Hearing


Several years ago, when I was first chairing this subcommittee, we conducted hearings at Walter Reed Medical facility. Those hearings led to substantial improvements in the physical plant at Walter Reed and other similar facilities across the country, as well as an ongoing effort to oversee improvements and hold the department accountable for the highest level of program service to our returning warriors. The coordination between DOD disability determinations and VA determinations was a problem then and remains so today, and we appreciate Chairman Chaffetz's willingness to periodically assess progress, just as he is doing here.

With this effort, we are told that employees at the Veterans' Affairs are doing their part. That they are processing more claims more quickly than ever before. We should all recognize their efforts, which are responsible for a substantial increase in the number of claims processed--from 440,000 in 2000 to more than one million claims last year.

But the wars in Afghanistan and Iraq have produced an even greater increase in the number of claims filed by veterans. Since 2008, the number of pending disability claims has grown 48% to 1.2. million claims, of which nearly half form a backlog of hundreds of thousands of claims.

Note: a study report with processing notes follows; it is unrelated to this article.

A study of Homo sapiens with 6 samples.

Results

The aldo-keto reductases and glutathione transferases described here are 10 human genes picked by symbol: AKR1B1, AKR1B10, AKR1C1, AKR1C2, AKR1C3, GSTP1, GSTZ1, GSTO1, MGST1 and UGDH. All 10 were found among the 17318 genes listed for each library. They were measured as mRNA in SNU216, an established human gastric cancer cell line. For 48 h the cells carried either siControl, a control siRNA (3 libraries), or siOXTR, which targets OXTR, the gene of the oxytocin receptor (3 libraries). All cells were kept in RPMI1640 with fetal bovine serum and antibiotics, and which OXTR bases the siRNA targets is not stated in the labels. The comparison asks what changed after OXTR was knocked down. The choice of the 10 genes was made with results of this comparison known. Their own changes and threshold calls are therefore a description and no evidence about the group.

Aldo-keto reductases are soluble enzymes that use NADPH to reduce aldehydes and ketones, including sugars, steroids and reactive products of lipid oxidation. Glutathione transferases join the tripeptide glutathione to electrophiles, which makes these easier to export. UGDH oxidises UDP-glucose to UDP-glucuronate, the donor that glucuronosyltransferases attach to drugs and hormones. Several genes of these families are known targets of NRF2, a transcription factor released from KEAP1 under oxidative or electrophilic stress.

To his credit, Secretary Shinseki has announced more than 40 initiatives to help VA process claims more quickly and accurately in the future. An integral part of the transformation plan is the more than $500 million investment in a paperless Veterans Benefits Management System, which will replace the VA's legacy and outdated paper systems. If the Secretary's initiatives are successful, the VA will cut in half the amount of time it takes to evaluate claims while achieving 98% accuracy.

I hope the Secretary is successful. With more than one million troops projected to leave service over the next five years, the VA cannot afford to fail.
As claims are re-opened, existing files will be scanned into the system. We need to follow this strategy to ensure it is an adequate way to move forward, and remain vigilant across the board to oversee what will hopefully be consistent progress.

Thank you again Chairman Chaffetz for convening this important hearing. I look forward to learning more about these issues and understanding how we can ensure that our veterans receive the benefits to which they are entitled.